Saturday 26 June 2021

'Better Like That' by Alva Holland

‘Better like this? Or like this? Or are they the same?’

The doctor repeats this question so many times, my ears hurt more than my eyes. The model human eyeball perched on a rotating metal plinth in the corner of the examination room glares at me with each gyration. I blink and replace the stare with a disco ball – that suspended rotating glitter ball reflecting our pitiful efforts to dance to The Bay City Rollers’ ‘Bye-Bye Baby.’

The memories come flooding in.

You wore a pink halter-neck top over purple bell-bottoms. You told me your friend was more attractive, but it was only ever you. With multi-coloured beams catapulting across your face, I could tell your eyes were blue, the same blue you passed on to four of our six children.

Ben’s favourite colour was blue. His only request for Christmas four years running was a blue plasma ball lamp which you still switch on in his room, lying empty, preserved in his memory – the blue room with four lamps.

‘Better like this? Or like this? Or are they the same?’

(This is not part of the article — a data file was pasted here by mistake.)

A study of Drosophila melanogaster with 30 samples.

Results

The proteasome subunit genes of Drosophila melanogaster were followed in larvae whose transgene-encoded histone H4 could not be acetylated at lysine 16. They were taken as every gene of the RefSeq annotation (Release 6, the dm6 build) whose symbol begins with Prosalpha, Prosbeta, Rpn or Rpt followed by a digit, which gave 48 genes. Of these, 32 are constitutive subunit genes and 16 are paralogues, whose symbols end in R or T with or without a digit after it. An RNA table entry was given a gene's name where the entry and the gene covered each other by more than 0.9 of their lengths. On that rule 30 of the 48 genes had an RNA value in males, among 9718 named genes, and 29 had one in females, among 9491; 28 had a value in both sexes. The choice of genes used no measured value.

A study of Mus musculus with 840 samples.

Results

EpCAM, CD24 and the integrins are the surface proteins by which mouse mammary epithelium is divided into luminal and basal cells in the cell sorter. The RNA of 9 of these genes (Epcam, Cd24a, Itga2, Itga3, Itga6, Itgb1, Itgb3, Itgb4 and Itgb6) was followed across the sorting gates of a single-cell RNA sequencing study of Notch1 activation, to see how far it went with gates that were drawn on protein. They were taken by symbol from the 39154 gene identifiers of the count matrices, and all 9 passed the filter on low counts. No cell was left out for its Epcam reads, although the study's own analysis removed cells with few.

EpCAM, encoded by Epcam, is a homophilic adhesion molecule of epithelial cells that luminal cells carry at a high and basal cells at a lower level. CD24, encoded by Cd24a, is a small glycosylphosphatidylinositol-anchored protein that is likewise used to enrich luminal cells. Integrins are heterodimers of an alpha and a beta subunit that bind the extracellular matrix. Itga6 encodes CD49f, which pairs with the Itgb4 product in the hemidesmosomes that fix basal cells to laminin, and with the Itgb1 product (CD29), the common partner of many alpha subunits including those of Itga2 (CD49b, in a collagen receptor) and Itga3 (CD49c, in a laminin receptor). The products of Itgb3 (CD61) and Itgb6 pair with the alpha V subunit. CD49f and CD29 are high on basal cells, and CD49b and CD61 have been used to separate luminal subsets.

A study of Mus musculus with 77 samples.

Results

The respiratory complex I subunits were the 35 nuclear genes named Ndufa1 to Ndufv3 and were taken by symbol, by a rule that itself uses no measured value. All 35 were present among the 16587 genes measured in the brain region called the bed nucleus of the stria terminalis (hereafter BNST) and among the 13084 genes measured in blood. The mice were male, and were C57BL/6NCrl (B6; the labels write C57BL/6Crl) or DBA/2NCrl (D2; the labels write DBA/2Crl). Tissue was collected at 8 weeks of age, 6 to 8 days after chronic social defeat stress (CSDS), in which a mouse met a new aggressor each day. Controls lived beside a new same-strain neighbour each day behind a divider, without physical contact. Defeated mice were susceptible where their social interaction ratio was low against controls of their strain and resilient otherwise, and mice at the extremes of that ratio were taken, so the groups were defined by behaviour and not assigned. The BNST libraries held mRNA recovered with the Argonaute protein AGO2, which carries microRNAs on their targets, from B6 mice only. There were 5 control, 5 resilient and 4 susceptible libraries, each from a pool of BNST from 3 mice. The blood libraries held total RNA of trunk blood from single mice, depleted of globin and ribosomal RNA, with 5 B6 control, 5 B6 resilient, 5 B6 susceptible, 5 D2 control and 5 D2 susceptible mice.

It was better like that. Better when we were young when the music switched to a slow number and you stayed. Better when you accepted my ring, when we danced again under a disco ball I hooked up in the living room a month after Ben was born. Better when I could see your smile. Better when blue was a happy colour.

You sit quietly in your chair while the doctor explains.

‘To be honest, macular degeneration is such a slow-moving disease, I doubt he will go blind before…well, you know, before…taking his age into account.’

Doc faltered. I felt your hand squeeze mine.

‘Let’s go,’ you say. ‘There’s a disco ball waiting.’

Better like that.


First published by ZeroFlash in 2017.